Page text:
17 Oct Can the building industry start doing good instead of less harm?
We’ve been quite busy in the last few weeks spreading our passion about green buildings! In the beginning of September we were at the 14th Green Forum hosted by the Green Architecture Advocacy Philippines group. Following this, we were at the International Green Building Conference in Singapore speaking about whole systems thinking and Living Buildings. We’re now back and hopefully have a steady stream of blog entries ahead.
The conversation around energy in green buildings for the last decade has been framed around doing less harm. We understand that our buildings are using a lot of resources including energy and emitting a large amount of carbon back into the atmosphere. Green buildings aim to reduce the amount of energy by being more efficient and sometimes even generating some energy on site. While this is commendable, at the end of the day, we’re still contributing to climate change.
More recently, the conversation has been slowly shifting. People are asking “Why are we so focused on doing less harm? Shouldn’t we focus on doing no harm at all? Are we truly able to build buildings which do not do harm to the environment?” I think the answer is yes. And in fact, there are now buildings all over the world in different climates that are net-zero in energy, which means they are able to generate as much energy as they use in a year.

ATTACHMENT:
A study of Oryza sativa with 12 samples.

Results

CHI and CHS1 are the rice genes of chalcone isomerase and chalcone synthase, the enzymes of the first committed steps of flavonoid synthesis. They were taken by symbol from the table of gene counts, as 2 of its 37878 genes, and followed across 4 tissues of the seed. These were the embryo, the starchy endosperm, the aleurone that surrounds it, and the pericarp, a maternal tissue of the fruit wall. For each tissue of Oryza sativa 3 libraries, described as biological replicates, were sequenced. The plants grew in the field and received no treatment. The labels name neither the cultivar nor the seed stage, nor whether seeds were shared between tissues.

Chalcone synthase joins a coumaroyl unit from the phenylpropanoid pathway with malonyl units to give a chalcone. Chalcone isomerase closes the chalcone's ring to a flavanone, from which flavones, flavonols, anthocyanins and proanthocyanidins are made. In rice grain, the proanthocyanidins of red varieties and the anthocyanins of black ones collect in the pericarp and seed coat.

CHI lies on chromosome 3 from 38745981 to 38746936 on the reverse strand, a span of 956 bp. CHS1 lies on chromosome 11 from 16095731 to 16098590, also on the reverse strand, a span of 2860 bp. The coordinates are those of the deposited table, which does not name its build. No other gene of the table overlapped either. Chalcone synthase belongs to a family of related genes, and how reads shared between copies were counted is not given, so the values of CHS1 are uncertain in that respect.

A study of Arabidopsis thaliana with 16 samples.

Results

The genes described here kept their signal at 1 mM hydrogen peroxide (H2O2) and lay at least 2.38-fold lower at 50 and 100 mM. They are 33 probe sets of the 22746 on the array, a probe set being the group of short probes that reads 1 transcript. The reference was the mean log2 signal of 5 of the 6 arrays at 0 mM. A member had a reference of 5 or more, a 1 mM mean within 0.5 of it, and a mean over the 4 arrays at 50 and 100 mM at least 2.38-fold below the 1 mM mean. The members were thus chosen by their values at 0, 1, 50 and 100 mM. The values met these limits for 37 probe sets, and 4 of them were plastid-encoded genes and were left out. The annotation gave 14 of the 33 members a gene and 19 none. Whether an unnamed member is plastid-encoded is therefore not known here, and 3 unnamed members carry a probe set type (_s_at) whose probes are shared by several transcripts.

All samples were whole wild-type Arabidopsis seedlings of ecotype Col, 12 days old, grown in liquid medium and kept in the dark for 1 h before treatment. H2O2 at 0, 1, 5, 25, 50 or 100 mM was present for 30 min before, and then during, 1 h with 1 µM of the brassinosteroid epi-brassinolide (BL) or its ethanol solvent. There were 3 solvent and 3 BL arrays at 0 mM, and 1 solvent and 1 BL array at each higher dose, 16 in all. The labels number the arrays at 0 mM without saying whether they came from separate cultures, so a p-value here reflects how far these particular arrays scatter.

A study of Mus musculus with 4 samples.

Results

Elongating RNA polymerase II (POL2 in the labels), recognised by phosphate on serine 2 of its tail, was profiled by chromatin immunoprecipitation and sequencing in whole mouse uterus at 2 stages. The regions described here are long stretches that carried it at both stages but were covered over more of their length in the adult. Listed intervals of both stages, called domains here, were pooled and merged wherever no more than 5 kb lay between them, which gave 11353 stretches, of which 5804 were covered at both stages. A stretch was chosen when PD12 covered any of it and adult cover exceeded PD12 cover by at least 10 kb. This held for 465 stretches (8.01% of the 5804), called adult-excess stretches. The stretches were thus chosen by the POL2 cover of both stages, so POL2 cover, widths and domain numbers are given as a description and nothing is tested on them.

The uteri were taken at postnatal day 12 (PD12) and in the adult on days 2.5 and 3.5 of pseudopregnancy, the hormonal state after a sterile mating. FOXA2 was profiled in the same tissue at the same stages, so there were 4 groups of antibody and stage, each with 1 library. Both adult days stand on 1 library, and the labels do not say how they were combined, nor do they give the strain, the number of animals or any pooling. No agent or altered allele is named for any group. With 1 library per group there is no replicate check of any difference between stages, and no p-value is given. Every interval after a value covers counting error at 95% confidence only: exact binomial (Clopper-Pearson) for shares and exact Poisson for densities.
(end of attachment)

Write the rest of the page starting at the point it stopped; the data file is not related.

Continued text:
Let’s take this a step further and ask ourselves – “Are we able to create buildings which regenerate their surroundings? Why wouldn’t we create buildings that make the community and environment better?” I think the answer is also yes. This type of regenerative design is something that the industry should be exploring and embracing. It’s simply the responsible thing to do.
At some point, we will have to stop focusing on doing less harm and instead try to do some good. Of course, this can’t happen over night. There must be a deliberate transition away from creating wasteful buildings and towards buildings which do not harm the environment. The good news is that this isn’t something that is in the far future. In fact, there are buildings now that meet this criterion. I encourage you to find out more about net zero buildings and living buildings out there!
In the next blog entries, I’ll talk about a few specific projects we’ve previously worked on which contributed positively to their surroundings. Stay tuned!